FROM KOLAJ 28
Uncollage, a New Word for a Particular Set of Collage-Based Operations by Todd Bartel
In the spring of 1999, I visited Bo Joseph’s Brooklyn studio for the first time. Before that visit, I believed the overlapping and tangential silhouettes within his work were created by free-hand drawing. While they are occasionally drawn freehand, I learned that he generally produces his paintings by placing and layering stencils to form his composite imagery, and that he has been using many of the same stencils since the early 1990s. It was during this visit that I uttered the word “uncollage” for the first time. This fourth article in the series on uncollage takes a look at Joseph’s work and why it inspired the coining of this new collage term.
All uncollages are collages, but not all collages are uncollages. It seems simple enough to say, and a bit obvious, but such acknowledgments help to establish paintings as uncollages. More to the point, under the right circumstances, uncollage paintings can synonymously be called collages.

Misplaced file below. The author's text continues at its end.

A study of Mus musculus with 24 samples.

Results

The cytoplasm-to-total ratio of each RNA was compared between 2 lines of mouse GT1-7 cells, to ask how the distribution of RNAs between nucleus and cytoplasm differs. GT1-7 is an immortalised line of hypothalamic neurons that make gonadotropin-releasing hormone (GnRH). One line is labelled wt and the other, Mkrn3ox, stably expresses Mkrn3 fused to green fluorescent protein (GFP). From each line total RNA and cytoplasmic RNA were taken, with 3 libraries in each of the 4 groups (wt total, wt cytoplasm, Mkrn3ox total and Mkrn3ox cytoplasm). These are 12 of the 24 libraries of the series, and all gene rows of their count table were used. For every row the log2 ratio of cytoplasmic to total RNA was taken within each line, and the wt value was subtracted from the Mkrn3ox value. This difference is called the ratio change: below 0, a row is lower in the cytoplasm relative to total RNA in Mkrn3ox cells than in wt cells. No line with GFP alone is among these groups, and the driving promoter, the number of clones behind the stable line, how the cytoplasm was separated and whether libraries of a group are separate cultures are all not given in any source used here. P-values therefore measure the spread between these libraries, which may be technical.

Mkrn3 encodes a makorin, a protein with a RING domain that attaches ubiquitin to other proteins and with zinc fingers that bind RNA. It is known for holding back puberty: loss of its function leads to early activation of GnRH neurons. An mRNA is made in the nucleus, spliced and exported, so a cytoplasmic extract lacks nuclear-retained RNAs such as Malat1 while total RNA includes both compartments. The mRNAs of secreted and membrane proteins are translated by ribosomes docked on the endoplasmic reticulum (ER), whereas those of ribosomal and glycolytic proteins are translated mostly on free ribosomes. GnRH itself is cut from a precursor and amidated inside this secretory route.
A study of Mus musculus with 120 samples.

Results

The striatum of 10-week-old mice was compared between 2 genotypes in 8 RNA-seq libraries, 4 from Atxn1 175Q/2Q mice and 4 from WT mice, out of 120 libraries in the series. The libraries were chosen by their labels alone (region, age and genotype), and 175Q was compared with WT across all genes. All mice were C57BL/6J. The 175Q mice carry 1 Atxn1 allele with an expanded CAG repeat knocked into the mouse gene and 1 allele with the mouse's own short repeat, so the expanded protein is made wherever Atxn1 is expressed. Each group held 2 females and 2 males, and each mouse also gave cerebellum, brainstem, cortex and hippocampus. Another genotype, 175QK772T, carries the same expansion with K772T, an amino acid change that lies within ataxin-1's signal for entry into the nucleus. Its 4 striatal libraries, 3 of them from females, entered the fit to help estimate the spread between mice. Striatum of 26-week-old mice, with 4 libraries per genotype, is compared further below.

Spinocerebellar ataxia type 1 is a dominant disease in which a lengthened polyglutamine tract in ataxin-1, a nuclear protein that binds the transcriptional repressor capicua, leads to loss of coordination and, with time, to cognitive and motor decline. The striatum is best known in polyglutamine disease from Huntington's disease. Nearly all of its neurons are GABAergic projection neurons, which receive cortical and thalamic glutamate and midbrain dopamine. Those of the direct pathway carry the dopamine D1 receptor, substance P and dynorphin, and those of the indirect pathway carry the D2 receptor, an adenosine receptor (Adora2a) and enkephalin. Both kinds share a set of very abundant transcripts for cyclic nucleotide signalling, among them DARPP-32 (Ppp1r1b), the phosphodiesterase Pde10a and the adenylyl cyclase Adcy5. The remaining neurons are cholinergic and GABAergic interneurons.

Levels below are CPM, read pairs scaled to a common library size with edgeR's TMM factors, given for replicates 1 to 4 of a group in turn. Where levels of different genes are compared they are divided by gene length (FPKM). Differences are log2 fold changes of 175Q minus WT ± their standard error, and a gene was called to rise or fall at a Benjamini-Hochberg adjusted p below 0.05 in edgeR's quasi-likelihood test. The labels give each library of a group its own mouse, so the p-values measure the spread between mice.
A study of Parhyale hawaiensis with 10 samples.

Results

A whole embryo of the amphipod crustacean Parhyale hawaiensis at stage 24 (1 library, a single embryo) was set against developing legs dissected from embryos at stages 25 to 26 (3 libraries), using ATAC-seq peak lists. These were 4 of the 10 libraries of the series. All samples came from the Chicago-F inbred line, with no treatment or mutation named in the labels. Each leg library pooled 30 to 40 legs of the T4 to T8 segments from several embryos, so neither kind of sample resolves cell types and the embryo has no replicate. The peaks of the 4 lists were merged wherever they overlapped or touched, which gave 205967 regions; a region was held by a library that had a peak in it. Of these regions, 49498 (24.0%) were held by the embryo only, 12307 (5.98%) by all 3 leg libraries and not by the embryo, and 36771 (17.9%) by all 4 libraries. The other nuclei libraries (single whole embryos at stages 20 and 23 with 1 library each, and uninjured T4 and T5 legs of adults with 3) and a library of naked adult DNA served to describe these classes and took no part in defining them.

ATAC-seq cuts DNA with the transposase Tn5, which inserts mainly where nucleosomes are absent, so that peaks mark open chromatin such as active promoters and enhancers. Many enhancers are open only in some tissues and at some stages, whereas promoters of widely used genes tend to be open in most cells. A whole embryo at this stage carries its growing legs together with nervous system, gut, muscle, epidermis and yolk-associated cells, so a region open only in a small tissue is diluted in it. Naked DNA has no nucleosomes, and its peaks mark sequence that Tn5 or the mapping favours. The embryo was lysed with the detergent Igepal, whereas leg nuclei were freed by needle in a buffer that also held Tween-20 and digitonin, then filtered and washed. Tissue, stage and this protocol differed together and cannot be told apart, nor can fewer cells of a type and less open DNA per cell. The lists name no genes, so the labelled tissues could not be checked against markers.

Todd Bartel is a collage-based artist. His work assumes assembled forms of painting, drawing and sculpture that examine the roles of landscape and nature in contemporary culture. Since 2002, Bartel has taught drawing, painting, sculpture, installation art and conceptual art at the Cambridge School of Weston, Weston, Massachusetts. He is the founder and the Director of the Cambridge School’s Thompson Gallery, a teaching gallery dedicated thematic inquiry, and “IS” (Installation Space), a proposal-based installation gallery. Bartel holds a BFA in painting from Rhode Island School of Design and an MFA in painting from Carnegie Mellon University. The Kolaj Magazine Artist Directory page has more information, as well as www.toddbartel.com.